Woman in John Donne's poetry


There are some occasional verses, such as those addressed to Elizabeth Drury and Lady Bedford, which are almost in the Petrarchan tradition. In these poems, the tone is certainly what may pass for being called "adorable. On the whole, however, we cannot call the tone in Donne's poems as adoring towards the woman. A poet who finds women adorable would not be able to declare:  Then shall my ghost come to thy bed..
Woman in Poetry

      There are some occasional verses, such as those addressed to Elizabeth Drury and Lady Bedford, which are almost in the Petrarchan tradition. In these poems, the tone is certainly what may pass for being called "adorable. On the whole, however, we cannot call the tone in Donne's poems as adoring towards the woman. A poet who finds women adorable would not be able to declare:

Then shall my ghost come to thy bed..

      In several of his poems Donne's attitude towards woman is cynical and frivolous - which is far from being adoring. In the song, 'Go and catch a falling star, he speaks of the difficulty of finding a faithful woman in this world. He is well-versed in the ways of women. He desires them and would try all kinds of arguments to make them yield to him, as in The Flea. He finds women atractive and highly desirable. He appreciates her physical attributes in voluptuous terms in the Elegy: On His Mistress Going to Bed. He is realistic in his love poems, fully conscious of the basis of true love being in physical relationship as well as spiritual. He does not fight shy of expressing the delight of fully realised passion. In The Good Morrow, he begins by wondering what he and his beloved did till they loved'. In this poem, as in The Sun Rising, The Canonization or The Ecstasy, the attitude towards woman is not cynical. Here there is the fulfilment of mutual passion, but the woman is still not adorable but desirable, one of the 'hemispheres' in the world of love, The attitude towards woman in A Valediction Forbidding Mourning is one of gentle affection, bat not worshipping.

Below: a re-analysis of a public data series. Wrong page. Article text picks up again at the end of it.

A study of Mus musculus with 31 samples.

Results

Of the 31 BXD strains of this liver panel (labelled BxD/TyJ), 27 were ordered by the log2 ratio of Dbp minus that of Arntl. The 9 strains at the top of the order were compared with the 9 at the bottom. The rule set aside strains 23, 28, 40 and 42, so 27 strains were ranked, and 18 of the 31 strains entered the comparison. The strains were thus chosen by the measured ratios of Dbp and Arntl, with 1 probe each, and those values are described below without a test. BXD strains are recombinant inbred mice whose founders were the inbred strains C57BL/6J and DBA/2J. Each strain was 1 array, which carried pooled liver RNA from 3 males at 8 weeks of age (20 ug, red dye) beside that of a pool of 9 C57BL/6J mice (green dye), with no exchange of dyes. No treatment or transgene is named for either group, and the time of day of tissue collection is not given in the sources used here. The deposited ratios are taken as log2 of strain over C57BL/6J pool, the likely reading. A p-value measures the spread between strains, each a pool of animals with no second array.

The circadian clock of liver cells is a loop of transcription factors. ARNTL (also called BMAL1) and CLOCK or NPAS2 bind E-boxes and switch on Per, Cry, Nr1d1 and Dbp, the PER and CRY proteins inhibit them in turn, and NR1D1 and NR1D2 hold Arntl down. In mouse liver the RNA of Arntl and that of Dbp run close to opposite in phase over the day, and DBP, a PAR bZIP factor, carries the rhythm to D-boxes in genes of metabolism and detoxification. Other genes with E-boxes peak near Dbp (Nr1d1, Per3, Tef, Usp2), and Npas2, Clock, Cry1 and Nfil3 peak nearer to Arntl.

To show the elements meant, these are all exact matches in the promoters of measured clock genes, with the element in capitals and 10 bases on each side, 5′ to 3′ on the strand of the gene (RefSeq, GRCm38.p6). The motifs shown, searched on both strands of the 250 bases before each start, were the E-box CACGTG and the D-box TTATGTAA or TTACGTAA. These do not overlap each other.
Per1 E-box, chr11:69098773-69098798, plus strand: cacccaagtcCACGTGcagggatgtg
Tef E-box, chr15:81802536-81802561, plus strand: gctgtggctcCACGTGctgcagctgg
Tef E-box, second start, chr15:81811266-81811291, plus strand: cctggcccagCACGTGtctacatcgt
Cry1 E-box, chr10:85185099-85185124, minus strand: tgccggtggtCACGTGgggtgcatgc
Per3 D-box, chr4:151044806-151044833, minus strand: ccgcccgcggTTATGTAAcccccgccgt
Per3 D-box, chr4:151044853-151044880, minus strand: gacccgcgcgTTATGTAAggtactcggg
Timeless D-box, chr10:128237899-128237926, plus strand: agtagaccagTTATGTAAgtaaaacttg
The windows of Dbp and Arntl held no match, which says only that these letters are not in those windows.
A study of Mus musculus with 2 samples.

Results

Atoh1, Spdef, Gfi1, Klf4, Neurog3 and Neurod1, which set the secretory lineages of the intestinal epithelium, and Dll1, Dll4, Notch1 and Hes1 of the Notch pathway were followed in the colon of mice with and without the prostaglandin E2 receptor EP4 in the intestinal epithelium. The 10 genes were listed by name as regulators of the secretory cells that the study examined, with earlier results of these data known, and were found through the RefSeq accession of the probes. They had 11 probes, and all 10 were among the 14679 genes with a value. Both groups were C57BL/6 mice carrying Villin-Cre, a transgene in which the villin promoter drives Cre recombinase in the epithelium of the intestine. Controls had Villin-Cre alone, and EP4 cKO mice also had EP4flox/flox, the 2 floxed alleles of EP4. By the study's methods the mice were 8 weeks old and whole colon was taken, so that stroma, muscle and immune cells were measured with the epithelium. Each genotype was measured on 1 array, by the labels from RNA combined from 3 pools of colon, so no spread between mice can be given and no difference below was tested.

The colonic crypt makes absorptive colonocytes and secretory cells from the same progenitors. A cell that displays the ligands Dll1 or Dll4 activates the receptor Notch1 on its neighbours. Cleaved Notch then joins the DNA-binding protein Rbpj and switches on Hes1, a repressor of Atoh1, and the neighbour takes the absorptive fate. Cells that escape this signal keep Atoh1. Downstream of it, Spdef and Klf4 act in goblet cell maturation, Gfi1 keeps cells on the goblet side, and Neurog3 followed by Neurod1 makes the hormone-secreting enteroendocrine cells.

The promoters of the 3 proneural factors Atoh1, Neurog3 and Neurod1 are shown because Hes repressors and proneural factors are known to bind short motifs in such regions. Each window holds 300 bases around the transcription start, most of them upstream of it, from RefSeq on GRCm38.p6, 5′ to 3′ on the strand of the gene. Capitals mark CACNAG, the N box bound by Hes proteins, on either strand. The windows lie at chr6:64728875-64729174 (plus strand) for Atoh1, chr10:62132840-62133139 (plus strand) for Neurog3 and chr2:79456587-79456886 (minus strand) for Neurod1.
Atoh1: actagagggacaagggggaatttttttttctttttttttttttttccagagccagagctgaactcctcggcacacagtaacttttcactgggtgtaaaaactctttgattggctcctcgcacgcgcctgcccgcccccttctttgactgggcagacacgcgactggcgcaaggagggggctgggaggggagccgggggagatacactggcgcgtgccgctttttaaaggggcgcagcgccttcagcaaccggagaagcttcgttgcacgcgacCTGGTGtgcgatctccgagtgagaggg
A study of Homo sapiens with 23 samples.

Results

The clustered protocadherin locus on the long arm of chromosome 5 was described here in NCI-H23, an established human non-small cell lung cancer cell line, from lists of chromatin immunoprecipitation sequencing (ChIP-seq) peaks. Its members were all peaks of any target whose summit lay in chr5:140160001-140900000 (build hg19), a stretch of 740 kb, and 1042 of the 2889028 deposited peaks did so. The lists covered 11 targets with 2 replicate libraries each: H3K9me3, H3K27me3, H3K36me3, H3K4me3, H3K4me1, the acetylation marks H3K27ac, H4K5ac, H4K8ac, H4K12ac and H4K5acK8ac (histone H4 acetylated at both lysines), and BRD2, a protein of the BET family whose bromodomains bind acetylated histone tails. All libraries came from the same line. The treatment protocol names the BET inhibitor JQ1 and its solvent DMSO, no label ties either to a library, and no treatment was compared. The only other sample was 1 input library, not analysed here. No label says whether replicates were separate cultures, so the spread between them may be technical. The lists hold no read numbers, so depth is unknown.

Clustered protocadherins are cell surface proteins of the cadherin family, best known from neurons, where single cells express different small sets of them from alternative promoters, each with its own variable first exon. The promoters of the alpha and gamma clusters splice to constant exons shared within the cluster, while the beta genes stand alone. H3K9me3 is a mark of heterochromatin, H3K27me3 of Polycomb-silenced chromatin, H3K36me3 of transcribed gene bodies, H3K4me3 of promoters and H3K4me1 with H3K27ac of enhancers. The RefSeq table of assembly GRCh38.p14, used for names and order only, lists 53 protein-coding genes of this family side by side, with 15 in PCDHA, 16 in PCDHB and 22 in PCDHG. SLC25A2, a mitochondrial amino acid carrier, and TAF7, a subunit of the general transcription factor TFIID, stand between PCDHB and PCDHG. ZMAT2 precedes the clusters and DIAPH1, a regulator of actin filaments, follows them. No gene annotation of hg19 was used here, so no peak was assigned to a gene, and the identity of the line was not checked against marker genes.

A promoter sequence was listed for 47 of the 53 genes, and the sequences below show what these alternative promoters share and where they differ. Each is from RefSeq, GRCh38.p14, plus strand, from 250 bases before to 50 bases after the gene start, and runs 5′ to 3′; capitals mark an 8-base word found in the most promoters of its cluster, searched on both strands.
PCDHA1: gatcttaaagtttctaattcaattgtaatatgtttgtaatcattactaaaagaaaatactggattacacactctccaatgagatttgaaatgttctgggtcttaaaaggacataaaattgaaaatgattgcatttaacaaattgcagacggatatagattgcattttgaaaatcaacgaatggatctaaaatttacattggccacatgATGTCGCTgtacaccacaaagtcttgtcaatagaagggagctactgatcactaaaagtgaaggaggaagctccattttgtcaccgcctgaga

Donne's attitude towards woman is, indeed, not one of adoring worship. In his earlier poems which are cynical and light-hearted, he views woman solely as an object of physical desire. In his later love poems, his attitude is mature; he sees woman as a companion in the fulfilment of passion, desirable not as an object of lust but as an object of love, both physical and spiritual.